By: Samantha Martin, Contributor
In many classes, even those based on argumentative discussion (such as English classes), teachers and students often shy away from Civil or Political Discourse in its entirety. Do you think this avoiding of discussion is justified and why? If not, what can be done to encourage more civil political discourse within schools? -Matthew
Believe it or not, I ask myself the exact same questions fairly often. Political debate is such a major component of modern day society, and knowing how to debate and discuss ideas properly is a key skill most students should have an understanding of before reaching adulthood. It is one that is not often addressed in classes, even those like English and Civics which are often based around debate. To find the answer, or at least an answer, to these important questions, I spoke to Kirsten McMahon, an English teacher at Carlisle High School, to learn how she handles debate in the classroom.
McMahon told me that she personally believes there is a time and place for in-class discourse, and she encourages discourse “as long as it is relevant to what we are studying, and we are not dismissing people while we are having these discussions.”
Despite the fact that debate can add to the study of certain novels and concepts, McMahon did acknowledge that discourse in the classroom can cause conflict among students, due to the fact that many students take political issues to heart. She noted that this seemed to be especially apparent during the most recent election cycle, due to the combative nature of the presidential debates and the strong feelings associated with the key issues the candidates focused on. “I found that with the recent election, it was so decisive that people felt that if in individual sided with a particular side, that there was something inherently wrong with that person, and I found that people were unwilling to listen to other people’s opinions about that because of how decisive it was.”
Another member of the Carlisle High School community, a student named Maya, also cited key issues during the recent election as a source of heavy, sometimes personal conflict in class discussions. “A lot of the time we are afraid to talk about race, issues concerning the LGBT [community], the government and president, different religious issues,” Maya said.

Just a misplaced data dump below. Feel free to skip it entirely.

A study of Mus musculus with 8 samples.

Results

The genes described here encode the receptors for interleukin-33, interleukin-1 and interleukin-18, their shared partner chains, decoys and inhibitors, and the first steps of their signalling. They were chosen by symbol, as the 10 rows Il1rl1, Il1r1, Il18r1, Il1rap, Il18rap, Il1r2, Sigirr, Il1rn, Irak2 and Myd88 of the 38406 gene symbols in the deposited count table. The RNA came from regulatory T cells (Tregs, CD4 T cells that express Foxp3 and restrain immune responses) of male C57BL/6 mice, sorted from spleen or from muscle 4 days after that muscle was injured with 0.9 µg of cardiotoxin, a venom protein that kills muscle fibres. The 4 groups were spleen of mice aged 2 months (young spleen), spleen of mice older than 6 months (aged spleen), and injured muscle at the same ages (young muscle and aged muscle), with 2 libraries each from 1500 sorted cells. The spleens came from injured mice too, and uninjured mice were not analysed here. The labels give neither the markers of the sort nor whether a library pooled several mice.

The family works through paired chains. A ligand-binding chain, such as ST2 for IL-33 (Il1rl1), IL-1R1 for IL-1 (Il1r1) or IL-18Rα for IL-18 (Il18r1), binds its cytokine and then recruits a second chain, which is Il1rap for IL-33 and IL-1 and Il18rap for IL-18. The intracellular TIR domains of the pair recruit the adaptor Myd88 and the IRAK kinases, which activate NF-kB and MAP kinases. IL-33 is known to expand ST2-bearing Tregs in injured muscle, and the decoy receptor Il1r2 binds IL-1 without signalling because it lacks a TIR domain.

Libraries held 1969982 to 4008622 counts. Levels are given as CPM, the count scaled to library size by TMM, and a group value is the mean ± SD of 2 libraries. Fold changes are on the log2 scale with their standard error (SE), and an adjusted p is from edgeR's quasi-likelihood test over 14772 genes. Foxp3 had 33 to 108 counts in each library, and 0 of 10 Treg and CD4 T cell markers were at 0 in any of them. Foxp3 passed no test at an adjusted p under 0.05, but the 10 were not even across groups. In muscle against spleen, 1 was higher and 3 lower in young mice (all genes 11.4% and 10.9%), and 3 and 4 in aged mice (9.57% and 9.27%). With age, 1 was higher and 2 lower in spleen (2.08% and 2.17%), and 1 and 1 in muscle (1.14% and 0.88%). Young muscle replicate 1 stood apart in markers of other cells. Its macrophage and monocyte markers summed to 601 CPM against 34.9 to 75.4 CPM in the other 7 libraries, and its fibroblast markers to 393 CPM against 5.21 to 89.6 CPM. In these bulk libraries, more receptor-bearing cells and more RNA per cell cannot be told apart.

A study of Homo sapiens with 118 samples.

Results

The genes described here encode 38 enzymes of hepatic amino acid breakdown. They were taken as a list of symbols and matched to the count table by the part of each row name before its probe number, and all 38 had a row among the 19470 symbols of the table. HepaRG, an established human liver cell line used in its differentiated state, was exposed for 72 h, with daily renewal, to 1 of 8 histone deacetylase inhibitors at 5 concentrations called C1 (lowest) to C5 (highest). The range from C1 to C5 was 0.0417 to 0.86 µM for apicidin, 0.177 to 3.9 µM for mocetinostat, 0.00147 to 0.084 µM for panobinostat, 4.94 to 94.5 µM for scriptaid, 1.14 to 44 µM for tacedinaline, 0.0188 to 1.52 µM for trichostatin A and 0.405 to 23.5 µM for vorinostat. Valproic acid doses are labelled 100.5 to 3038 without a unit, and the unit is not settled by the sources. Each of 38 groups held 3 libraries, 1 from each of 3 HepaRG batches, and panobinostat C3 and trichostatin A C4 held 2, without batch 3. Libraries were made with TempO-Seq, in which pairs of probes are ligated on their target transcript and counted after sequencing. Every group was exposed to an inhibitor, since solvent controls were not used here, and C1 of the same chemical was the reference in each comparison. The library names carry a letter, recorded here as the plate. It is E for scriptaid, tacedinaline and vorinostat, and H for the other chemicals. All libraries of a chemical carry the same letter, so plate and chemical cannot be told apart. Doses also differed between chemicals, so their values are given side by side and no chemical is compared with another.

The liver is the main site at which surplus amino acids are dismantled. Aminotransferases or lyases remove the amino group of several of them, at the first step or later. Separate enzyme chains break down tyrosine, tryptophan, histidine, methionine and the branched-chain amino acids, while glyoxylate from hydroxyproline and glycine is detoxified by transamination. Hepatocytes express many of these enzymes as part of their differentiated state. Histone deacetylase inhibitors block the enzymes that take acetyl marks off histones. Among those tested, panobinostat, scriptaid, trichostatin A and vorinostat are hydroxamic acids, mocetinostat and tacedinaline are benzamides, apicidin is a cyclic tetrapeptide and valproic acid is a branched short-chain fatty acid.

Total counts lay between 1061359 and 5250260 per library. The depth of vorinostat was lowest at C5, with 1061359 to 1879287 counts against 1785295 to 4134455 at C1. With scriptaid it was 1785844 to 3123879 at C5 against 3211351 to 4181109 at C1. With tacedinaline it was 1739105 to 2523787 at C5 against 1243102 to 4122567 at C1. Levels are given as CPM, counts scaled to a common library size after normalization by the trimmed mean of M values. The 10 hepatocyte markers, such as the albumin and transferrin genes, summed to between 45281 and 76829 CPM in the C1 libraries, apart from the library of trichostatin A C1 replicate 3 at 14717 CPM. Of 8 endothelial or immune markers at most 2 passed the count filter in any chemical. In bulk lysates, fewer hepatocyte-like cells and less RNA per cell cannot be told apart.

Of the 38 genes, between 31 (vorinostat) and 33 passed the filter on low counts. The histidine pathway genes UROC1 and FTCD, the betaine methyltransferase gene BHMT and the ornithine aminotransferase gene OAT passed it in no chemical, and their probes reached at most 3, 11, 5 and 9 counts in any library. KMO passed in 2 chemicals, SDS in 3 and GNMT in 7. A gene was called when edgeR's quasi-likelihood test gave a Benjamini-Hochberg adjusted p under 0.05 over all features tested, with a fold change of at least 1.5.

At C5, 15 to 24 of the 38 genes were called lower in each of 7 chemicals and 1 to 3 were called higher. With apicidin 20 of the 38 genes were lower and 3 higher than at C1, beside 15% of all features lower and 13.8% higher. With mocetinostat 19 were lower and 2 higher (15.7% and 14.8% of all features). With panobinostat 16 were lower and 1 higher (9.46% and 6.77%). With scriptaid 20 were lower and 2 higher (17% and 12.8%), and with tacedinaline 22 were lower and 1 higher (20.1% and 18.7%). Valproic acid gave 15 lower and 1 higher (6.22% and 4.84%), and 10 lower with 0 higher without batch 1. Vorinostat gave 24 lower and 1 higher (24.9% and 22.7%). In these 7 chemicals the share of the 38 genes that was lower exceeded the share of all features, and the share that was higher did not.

“Political issues cause a lot of divide between people, especially the youth.”
So, there’s the answer to your original question: teachers avoid political debate out of fear that these discussions will lead to pointed and personal insults. However, this only leads to more questions: Why do students use personal attacks when discussion gets heated? How can teachers try to avoid having these sort of hostile attacks on students occur without avoiding politics altogether?
McMahon, a teacher who has taught classes made up of both ninth and tenth graders, told me that this pointed and insult-ridden style of discussion was common among both older and younger students. “With younger students, it tends to be sort of a mark of immaturity, I think, to try to one-up their peers, or try to attack people based off of character, which is actually a logical fallacy. But with older students, it’s almost like a rite of passage, where they feel like they’re wiser and they’re older, and they know more, and therefore their political conversations become a little bit more pointed and a little more scathing in tone.”
Maya had a similar perspective to McMahon as to why students may be so pointed when debating: students may use insults while debating “in order to win, or maybe because the person [they are debating] made them mad with their viewpoint.”
And as for how to prevent personal insults in debate? McMahon has tried several methods. “Sometimes, getting them [older students] to back away from that can be a little more difficult, whereas with my younger students, it’s a lot easier to say to them, “Let’s be more mature about this, let’s tackle this from this perspective, let’s stay on topic, and let’s be respectful,” but for some of my older students, they have learned the habits of their peers, and they have learned the people themselves, and I think sometimes it can be a little more tempting to make personal attacks.”
When discussing with me how to make debate less scathing and more focused, Maya put emphasis on students correcting their own behavior, arguing that students should “make sure that no one is making personal attacks, and basing their arguments strictly on facts rather than what they want to believe.”
Even though much in-class discussion seems to be filled with this sort of animosity, McMahon still remain hopeful that with the correct guidance and moderation, politics still have a place in class discussion.
“I know that students want to talk about politics in class, and so what I tell them is we can certainly entertain those conversations, but we need to be thinking about building a community that is inclusive, and building a community where people’s voices are heard instead of ignored,” McMahon said.
Maya agrees. “It’s important to make sure that people feel comfortable debating respectfully rather than just being nasty to others.”